Algorithms for the Analysis of Data from Massively-parallel Genome Sequencing
Start Date: April 1, 2009
Expires: March 31, 2011
Awarded Amount to Date: $379,919
Principal Investigator: Mihai Pop
Sponsor: University of Maryland College Park
This project is developing parallel algorithms for analyzing new generation sequencing data, with a specific focus on the Map-Reduce paradigm implemented on a highly-distributed computing cluster supported by Google and IBM. The project is primarily focused on developing algorithms for sequence alignment and sequence assembly — critical tasks in the analysis of genomic data — and involves the adaptation of string matching and graph algorithms to the Map-Reduce paradigm. The work will potentially lead to parallelism-enabled genomic analysis software that will allow researchers to analyze new generation sequencing data through web-scale computational resources, thereby obviating the need for establishing and maintaining a local high-performance computing infrastructure. The software developed during this project is being made available under an open-source license in order to encourage broad use and to enable future research.
Sequencing and Analysis of Centrosomal RNAs
Start Date: March 1, 2009
Expires: February 28, 2010
Awarded Amount to Date: $119,988
Principal Investigator: Mark Alliegro
Sponsor: Marine Biological Laboratory, Woods Hole
Centrosomes may contain their own complement of nucleic acids, possibly representing an organellar genome as has been described for mitochondria and chloroplasts. Until recently, the only consensus developed during the past 50 years is that centrosomes do not contain DNA. The existence of centrosomal RNA (cnRNA) remained an open possibility. Research by Mark Alliegro and others has now found cnRNA, although the source and function of cnRNAs remain unknown and controversial. In this project, high throughput sequencing technology and informatics will be used to characterize cnRNAs from the surf clam, Spisula solidissima, and identify related molecules in other species. This will open the way for future phylogenetic and functional analyses to help determine the evolutionary origin and physiological roles of cnRNAs.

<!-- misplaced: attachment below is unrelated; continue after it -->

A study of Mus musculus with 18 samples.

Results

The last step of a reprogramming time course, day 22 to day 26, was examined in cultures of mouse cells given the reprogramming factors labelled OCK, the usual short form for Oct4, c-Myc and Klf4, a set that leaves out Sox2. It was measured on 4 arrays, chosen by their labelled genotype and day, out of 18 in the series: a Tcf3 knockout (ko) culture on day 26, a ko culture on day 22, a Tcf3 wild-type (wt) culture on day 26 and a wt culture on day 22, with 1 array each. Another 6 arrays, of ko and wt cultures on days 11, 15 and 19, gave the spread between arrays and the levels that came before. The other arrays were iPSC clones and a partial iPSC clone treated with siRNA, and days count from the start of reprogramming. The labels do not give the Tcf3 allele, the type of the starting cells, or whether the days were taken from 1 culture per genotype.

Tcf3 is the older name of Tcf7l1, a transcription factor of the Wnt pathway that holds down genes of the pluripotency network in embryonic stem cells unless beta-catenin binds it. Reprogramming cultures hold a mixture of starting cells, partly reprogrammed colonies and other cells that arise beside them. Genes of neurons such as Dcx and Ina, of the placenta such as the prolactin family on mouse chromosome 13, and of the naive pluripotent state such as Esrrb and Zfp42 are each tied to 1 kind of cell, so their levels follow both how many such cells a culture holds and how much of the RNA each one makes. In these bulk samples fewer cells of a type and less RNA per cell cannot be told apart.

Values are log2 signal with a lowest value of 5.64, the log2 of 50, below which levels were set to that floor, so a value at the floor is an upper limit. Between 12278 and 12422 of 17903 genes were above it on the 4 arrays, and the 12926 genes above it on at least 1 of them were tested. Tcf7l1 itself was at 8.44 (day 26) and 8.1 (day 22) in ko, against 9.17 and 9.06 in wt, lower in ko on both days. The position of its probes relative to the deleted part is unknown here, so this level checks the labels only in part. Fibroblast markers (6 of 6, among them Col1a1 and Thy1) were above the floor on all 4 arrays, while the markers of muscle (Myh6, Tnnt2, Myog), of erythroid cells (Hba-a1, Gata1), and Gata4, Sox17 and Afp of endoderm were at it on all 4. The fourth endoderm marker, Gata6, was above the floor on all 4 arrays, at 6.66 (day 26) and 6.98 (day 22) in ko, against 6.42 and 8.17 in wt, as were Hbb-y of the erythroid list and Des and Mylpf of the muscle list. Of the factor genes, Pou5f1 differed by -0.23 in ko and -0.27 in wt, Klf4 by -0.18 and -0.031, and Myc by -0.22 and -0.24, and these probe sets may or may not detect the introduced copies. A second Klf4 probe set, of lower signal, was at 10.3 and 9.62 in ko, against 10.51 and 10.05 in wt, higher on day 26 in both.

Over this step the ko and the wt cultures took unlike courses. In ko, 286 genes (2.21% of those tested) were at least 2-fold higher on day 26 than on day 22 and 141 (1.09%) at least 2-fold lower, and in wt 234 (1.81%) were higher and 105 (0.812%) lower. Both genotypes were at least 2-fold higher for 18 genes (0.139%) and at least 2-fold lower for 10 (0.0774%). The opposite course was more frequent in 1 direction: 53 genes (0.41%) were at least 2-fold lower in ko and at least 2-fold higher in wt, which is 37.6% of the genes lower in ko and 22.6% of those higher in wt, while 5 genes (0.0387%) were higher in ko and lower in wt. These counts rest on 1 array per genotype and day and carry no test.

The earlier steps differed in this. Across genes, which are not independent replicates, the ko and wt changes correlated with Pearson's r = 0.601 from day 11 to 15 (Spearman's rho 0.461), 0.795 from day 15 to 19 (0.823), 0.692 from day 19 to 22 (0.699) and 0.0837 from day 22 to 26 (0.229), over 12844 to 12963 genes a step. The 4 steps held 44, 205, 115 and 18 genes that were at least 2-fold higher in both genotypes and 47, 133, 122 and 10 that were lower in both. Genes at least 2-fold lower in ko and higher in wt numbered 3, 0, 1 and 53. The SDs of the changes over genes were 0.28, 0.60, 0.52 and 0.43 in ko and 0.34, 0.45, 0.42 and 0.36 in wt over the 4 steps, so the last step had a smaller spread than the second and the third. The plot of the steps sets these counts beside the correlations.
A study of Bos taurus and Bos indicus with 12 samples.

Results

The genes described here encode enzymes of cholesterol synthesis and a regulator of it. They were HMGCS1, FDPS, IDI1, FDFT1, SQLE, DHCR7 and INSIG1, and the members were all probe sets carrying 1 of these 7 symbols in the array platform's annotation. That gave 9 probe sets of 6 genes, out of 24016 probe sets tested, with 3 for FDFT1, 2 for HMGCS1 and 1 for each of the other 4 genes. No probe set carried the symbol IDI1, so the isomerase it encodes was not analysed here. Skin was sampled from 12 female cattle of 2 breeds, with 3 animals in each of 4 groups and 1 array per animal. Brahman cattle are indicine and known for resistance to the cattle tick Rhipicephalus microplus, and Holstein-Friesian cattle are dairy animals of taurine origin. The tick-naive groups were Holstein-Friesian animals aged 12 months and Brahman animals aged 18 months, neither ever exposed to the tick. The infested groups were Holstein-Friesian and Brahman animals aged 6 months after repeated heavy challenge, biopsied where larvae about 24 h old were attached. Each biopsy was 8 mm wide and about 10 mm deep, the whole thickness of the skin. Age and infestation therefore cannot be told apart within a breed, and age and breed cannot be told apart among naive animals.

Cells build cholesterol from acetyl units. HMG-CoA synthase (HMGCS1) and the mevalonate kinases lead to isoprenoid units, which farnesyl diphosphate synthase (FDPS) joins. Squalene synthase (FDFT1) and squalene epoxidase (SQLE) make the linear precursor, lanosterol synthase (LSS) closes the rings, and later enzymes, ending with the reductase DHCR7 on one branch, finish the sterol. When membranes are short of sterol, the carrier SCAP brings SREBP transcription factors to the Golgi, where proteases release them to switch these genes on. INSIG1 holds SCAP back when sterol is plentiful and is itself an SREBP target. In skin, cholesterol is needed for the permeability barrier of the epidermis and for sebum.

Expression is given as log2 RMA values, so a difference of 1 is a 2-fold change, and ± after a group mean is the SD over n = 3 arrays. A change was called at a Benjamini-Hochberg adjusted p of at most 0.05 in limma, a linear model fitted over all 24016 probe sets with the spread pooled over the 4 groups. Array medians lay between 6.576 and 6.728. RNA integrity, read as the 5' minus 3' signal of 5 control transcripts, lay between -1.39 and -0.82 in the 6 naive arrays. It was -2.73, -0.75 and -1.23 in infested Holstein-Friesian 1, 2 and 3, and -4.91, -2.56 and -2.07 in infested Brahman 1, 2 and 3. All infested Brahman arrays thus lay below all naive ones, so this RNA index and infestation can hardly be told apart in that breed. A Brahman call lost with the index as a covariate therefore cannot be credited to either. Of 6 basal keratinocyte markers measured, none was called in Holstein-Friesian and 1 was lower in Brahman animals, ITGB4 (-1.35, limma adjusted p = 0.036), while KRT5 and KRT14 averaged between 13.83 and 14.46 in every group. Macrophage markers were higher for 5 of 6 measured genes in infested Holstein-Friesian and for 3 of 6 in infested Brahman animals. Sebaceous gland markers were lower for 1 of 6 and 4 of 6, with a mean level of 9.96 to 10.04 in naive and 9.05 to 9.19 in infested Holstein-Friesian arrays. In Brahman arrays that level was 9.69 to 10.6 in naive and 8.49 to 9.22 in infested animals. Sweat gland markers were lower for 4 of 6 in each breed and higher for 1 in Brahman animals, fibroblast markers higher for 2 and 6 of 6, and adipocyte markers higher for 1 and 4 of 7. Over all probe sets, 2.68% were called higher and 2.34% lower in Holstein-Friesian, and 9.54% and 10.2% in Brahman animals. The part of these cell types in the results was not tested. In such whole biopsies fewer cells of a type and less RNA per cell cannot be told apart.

Investigation of chemical reactions in femtoliter-volume droplets
Start Date: February 15, 2009
Expires: January 31, 2010
Awarded Amount to Date: $149,575
Principal Investigator: Daniel Chiu
Sponsor: University of Washington
Surfactants with varying concentrations, immiscible oils, and interior solute ionic strength will be varied and tested to determine their exact effects on droplets. The experimental information obtained will be used to synthesize a model to allow prediction of droplet-confined chemical reactions, and how they are affected by the choice of surfactant and immiscible oil as well as the concentration and ionic strength of the solutes contained within the droplet. While droplet microfluidics are beginning to find broad use in diverse areas, such as biological assays, protein crystallization, DNA sequencing, and chemical synthesis, the fundamentals of chemistry in droplets, in particular, how the high surface-to-volume ratio environment affects the chemistry, is still relatively unexplored. The predictive model and associated software will be made available on the PI's laboratory website.